American International Group has won the initial phase of a lawsuit against Coventry First life settlement company that alleged Coventry purchased life insurance policies for AIG at low prices, then sold the policies to AIG at inflated prices.
A summary decision July 10 by Judge Jed S. Rakoff in Federal District Court in Manhattan backed AIG’s claim that Coventry “engaged in an illegal and sophisticated scheme” that ultimately defrauded AIG out of more than $150 million.
Rakoff issued a three-page summary decision, adding that, “an opinion stating the reasons for these rulings will issue in due course.”
Rakoff set a trial date for Aug. 27 on other claims by AIG in a lawsuit filed last September that was the outcome of a dispute that has been going on since 2010 and intensified in 2013. The trial will deal with claims by AIG that Coventry violated a 2006 deal whereby Coventry was hired to help an AIG affiliate acquire life policies in the then-booming life settlement market.
The AIG suit alleged that its Lavastone Capital LLC unit was defrauded by Coventry, as well as people associated with Coventry, including its president, Alan Buerger, and related businesses.
Rakoff’s decision did remove Constance Buerger as a defendant in the case. She is a corporate officer at Coventry.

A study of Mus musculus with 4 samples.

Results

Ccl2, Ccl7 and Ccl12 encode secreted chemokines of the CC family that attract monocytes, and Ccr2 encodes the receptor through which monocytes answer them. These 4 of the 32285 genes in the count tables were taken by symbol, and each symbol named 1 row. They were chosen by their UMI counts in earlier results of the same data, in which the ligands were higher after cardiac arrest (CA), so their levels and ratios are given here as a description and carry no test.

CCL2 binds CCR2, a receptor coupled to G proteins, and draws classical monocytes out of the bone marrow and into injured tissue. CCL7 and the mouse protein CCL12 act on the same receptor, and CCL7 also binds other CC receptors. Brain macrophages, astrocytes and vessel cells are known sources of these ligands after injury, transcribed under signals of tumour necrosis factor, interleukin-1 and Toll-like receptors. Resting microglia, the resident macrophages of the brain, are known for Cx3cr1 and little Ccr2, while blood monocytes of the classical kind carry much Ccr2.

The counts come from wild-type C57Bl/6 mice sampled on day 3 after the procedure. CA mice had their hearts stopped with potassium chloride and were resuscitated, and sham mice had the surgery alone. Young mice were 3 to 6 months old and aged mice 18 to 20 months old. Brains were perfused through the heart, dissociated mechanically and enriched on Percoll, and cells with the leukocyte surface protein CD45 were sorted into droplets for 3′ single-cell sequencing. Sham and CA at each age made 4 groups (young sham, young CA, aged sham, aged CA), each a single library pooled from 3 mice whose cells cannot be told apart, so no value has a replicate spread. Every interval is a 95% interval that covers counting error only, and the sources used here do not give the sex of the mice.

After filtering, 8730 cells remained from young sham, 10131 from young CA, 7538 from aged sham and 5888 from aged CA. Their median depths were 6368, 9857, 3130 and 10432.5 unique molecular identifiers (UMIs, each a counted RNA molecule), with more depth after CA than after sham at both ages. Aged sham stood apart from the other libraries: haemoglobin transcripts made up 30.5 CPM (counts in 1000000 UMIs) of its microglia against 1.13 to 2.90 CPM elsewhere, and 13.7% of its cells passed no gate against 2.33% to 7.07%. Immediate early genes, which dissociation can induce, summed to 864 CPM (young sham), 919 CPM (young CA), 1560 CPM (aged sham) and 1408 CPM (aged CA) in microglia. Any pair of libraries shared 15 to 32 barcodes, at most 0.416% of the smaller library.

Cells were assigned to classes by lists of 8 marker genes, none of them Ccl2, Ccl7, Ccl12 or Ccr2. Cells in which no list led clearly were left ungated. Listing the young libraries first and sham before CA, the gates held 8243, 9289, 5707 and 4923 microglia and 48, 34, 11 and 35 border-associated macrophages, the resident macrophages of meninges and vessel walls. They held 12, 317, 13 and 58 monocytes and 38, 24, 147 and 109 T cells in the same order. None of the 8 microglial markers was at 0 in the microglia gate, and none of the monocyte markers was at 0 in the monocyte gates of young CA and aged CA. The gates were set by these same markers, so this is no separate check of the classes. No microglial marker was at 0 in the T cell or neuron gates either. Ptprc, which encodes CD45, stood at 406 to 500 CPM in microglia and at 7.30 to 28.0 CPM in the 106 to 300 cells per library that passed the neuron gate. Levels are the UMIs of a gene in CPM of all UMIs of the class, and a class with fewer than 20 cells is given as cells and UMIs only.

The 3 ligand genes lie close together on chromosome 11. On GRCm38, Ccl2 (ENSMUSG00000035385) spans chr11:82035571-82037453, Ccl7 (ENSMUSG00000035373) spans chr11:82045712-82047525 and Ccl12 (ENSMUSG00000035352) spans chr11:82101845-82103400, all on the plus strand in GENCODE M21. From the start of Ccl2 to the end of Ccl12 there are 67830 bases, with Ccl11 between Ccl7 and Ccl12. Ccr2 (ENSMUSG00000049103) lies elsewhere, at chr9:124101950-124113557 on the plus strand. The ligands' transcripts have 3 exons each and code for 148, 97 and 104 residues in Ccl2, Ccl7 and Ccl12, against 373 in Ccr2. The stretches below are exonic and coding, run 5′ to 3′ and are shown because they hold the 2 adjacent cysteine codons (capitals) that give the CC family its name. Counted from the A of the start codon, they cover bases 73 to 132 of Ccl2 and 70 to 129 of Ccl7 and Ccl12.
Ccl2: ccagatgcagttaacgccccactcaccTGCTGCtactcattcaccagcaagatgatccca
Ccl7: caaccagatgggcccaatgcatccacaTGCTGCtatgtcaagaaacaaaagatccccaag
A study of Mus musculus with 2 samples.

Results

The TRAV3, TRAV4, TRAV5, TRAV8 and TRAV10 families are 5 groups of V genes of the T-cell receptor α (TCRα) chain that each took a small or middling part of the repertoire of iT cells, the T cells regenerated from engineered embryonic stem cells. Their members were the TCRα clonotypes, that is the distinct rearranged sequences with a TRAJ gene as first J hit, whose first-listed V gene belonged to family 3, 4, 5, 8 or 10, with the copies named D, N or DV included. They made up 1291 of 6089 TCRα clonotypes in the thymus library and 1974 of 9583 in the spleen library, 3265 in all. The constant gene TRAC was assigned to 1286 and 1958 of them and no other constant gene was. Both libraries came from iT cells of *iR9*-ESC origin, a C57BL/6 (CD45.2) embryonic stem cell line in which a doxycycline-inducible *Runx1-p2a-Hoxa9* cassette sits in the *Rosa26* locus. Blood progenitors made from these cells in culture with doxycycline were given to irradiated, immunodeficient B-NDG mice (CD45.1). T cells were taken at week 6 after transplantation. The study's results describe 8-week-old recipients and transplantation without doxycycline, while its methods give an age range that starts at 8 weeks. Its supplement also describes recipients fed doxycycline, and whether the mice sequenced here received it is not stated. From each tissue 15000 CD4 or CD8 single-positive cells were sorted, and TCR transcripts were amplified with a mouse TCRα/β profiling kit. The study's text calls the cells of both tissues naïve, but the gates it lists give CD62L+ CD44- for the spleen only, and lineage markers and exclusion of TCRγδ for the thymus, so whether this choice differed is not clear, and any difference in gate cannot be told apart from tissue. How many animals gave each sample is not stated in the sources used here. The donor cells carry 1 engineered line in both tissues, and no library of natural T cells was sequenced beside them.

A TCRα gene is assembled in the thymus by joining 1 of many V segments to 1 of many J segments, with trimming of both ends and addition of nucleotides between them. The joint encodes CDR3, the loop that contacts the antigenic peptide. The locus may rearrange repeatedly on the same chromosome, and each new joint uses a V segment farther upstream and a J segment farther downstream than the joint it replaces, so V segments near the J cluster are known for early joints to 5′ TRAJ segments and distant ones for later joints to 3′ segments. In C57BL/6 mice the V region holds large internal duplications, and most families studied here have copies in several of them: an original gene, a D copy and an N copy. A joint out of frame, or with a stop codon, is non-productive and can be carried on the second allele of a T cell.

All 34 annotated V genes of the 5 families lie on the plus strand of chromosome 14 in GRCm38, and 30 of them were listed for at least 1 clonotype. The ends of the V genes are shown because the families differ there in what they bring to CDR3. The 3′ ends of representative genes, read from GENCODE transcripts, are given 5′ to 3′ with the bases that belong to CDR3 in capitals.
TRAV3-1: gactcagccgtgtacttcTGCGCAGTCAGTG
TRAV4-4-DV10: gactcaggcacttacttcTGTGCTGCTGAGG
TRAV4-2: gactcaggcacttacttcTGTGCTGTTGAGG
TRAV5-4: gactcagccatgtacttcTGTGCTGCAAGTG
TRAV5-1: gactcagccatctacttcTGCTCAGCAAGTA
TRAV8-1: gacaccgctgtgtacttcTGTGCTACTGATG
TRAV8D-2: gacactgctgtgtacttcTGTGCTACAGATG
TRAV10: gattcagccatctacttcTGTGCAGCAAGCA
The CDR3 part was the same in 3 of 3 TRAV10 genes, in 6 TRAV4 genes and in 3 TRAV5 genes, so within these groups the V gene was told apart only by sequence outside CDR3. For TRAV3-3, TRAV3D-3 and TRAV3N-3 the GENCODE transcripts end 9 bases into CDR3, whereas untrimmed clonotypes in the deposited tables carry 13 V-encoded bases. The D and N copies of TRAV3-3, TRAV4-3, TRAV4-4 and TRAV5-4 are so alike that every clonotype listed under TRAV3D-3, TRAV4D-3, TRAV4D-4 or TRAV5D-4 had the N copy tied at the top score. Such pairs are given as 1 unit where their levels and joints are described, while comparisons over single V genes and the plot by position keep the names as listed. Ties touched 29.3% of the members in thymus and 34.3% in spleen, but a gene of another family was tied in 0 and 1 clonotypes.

These claims include whether Coventry breached the agreement with AIG by overcharging for broker fees and breached the servicing and confidentiality agreements that were part of the deal.
“The alleged scheme involved Coventry use of AIG confidential pricing information to secretly mark up the purchase price of life policy investments,” the suit said.
The suit makes breach of contract, breach of fiduciary duty and other common law claims against Coventry, and also seeks triple damages through a Racketeer Influenced and Corrupt Organizations Act (RICO) claim.
The suit seeks more than $1.5 billion in compensatory, statutory and punitive damages. “AIG is pleased that the Court has granted it summary judgment on its core claim that Coventry breached its contract with Lavastone and looks forward to proceeding to trial on its additional claims, including its claim under the federal RICO statute seeking treble damages,” an AIG spokesman said.
In reaction to the Rakoff decision, Alan Buerger said that, “We are gratified that AIG’s inappropriate attack on Mrs. Buerger has been rejected pre-trial.”
He said the court's ruling pertained to part of one claim against Coventry First only, requiring a trial on both the remainder of that claim and all others.
“The factual record does not support AIG’s revisionist history and spurious claims,” Buerger said. “And we look forward to that factual record being presented at trial.”
InsuranceNewsNet Washington Bureau Chief Arthur D. Postal has covered regulatory and legislative issues for more than 30 years. He can be reached at email@example.com.